Gerrish approaches the task of dogmatics with a three-step process: first, he engages with the biblical material associated with a given dogmatic topic; second, he elaborates the theological tradition on the topic; third, he attempts to speak to the contemporary situation by providing a constructive statement to guide further dogmatic reflection on the topic. These constructive statements are given at the start of each chapter as a thesis (or leitsatz), and they are gathered in an appendix for easy cumulative access (there is also a selected bibliography, index of ancient sources, and index of subjects).
Allow me to make some observations:
First, those who have learned much from Barth might be put-off a bit by Gerrish’s architecture. He sets up a three-part approach that is modelled in some ways (as he explains) on both Calvin and Schleiermacher. So he does some prolegomena, which also serves to articulate “elemental faith.” Then he has a unit on the doctrine of creation and theistic faith. And then he has the largest part on the doctrine of redemption and Christian faith, before concluding with the Trinity and eschatology. But Gerrish is alive to the sorts of complaint that Barthians would want to make, and helpfully clarifies what he is and is not trying to do with all this:
The order of presentation is not experiential—as though a person first had elemental faith, then came to faith in the order of creation, and finally ascended to faith in Christ. Nor does it lay down three steps in a linear argument. My introduction does not provide a foundation for believing in Christ, and part I is not an independent natural theology designed to make an outsider receptive to the credibility of Christian faith. (CF, 32)
Rather, Gerrish understands himself as constructing a teaching order that is determined at every point by Christian faith even if Christian faith is not the clear subject of reflection at these earlier points. Here we can recognize the influence of both Calvin and Schleiermacher.
Second, and speaking of Calvin and Schleiermacher: when Gerrish comes to the portion of his chapters where he discusses the post-canonical / post-biblical tradition, he always privileges the contributions of Calvin and Schleiermacher. This makes sense because Gerrish is himself within the Reformed tradition. Honestly, this may be the aspect of this volume that I most appreciated. So often those of us who do Reformed theology today find themselves caught up in arguments about Barth’s relationship to Calvin, and the related question of Calvin’s relationship to Reformed scholasticism. The prevailing perception, at least as far as I can tell, is that Calvin and Schleiermacher do not belong together. Gerrish shows through his procedure that this is not the case. I am reminded in this connection about the story that Gerrish tells in the preface of Grace and Gratitude (and which I have heard Bruce McCormack tell as well): when Gerrish gave the lectures that would become Grace and Gratitude, McCormack was there. As Gerrish tells it: “[McCormack] made the interesting remark (without disapproval, I am happy to add) that what I presented . . . was ‘a Schleiermacherian’s Calvin.’ He was right” (G&G, x). It seems to me that the further elaboration of this is one of the principle charms of Gerrish’s Christian Faith.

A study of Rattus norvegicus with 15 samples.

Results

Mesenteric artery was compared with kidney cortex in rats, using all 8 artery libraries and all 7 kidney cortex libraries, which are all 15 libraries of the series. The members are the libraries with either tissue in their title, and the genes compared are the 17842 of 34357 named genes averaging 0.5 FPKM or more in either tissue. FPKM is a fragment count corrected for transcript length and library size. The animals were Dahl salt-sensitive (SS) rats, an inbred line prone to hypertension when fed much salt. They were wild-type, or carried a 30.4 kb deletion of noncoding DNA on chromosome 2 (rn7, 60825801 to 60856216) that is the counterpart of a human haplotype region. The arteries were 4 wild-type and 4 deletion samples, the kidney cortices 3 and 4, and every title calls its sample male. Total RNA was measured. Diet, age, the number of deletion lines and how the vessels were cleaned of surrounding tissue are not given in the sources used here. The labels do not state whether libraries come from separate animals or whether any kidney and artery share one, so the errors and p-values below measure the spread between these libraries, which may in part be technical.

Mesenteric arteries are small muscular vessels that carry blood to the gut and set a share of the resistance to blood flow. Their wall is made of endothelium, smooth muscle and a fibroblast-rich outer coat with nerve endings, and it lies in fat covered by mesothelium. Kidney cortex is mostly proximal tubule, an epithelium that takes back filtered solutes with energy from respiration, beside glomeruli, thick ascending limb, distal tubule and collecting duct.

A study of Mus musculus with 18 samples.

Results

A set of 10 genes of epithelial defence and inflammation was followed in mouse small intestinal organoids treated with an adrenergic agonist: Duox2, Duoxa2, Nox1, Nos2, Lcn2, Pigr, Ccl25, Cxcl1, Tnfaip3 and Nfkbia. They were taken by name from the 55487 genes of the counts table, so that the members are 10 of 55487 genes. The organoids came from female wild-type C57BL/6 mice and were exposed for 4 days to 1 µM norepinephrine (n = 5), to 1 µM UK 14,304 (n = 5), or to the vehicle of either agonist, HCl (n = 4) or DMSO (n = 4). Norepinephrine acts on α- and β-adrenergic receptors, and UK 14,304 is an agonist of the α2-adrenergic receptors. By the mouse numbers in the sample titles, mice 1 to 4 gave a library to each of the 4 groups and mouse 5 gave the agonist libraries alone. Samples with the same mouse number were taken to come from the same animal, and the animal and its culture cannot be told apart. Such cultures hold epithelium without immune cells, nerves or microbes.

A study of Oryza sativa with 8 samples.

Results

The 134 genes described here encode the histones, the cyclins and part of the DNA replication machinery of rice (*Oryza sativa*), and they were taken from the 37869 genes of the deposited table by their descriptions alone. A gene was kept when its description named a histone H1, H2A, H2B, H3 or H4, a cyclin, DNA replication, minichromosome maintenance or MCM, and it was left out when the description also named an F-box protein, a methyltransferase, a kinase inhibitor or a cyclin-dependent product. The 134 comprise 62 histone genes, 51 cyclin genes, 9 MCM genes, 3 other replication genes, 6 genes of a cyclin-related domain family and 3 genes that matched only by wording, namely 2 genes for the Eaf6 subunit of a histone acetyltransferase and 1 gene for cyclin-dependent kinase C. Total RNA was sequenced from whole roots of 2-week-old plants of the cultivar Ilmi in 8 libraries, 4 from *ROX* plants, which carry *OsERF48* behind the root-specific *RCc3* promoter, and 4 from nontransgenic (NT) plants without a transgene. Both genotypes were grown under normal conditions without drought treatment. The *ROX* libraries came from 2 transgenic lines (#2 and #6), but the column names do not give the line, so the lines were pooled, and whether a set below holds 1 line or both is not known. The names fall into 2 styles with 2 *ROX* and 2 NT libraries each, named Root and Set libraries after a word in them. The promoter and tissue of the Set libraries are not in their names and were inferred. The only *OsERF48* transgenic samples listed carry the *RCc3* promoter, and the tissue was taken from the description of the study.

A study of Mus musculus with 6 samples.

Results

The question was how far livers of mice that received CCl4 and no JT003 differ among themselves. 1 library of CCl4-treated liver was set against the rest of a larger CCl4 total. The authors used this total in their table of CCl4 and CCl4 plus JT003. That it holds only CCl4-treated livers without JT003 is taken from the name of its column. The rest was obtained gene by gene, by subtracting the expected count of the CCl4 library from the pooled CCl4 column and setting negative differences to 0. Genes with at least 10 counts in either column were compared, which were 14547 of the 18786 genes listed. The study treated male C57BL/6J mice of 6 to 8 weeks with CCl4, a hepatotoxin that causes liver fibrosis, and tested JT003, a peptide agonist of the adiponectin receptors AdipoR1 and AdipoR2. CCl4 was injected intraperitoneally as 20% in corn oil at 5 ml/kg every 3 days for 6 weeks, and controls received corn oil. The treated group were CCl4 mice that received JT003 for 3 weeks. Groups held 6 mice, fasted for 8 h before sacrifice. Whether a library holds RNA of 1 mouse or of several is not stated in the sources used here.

Third, and although Gerrish self-consciously writes as one attempting to make a constructive contribution to dogmatics today, much more might have been done with contextual and political theologies. It seems clear at various points that Gerrish supports forms of these theologies and at the very least is alive to their concerns. For instance, he reflects upon the current ecological crisis (CF, 95), on the question of animal rights (CF, 97), and on feminist criticisms of traditional doctrines of sin (CF, 85). But he does not discuss these things at length and there are many other points where he might have gone in similar directions. The theoretical justification for this reticence is found in an overly sharp (to my mind) distinction between dogmatics and ethics (see CF, 96). Granted, overcoming this distinction would have required him to write a longer book. All I can say is that I would have been happy to read it.
Fourth, I’m less excited about Gerrish’s ecclesiology. He works to build in a missionary aspect to the church, but the organic character of his ecclesiological approach draws extensively on Schleiermacher, and this mutes the actualism that I think ecclesiology requires (very much following Barth and dialectical theology here). This is no doubt tied to Schleiermacher’s christological emphasis on the historical Jesus rather than—to use the language of dialectical theology—the kerygmatic Christ, another point at which I’m with DT and against 19th c. liberal theology. Along these lines, Gerrish is even willing to think about the church as something like the incarnation of the Spirit (see CF, 305). So while there are many things that I like about Gerrish’s ecclesiology, there are also some key points where I demur.
In conclusion, Gerrish’s Christian Faith is a wonderful work that anyone who wants to call themselves a Reformed theologian today needs to read. I highly recommend it and can only say that I hope WJK keeps it in print.* Also, there will be a session on Gerrish’s book at AAR on Monday with Bruce McCormack (Princeton Seminary), Martha Moore-Keish (Columbia Seminary), Roger Haight (Union Theological Seminary), and Dawn De Vries (Union Presbyterian Seminary) on the panel. Be sure to take it in if your schedule allows (alas! mine does not…).
* And, perhaps, even lowers the price a bit so that folks like me could conceivably assign it as a textbook.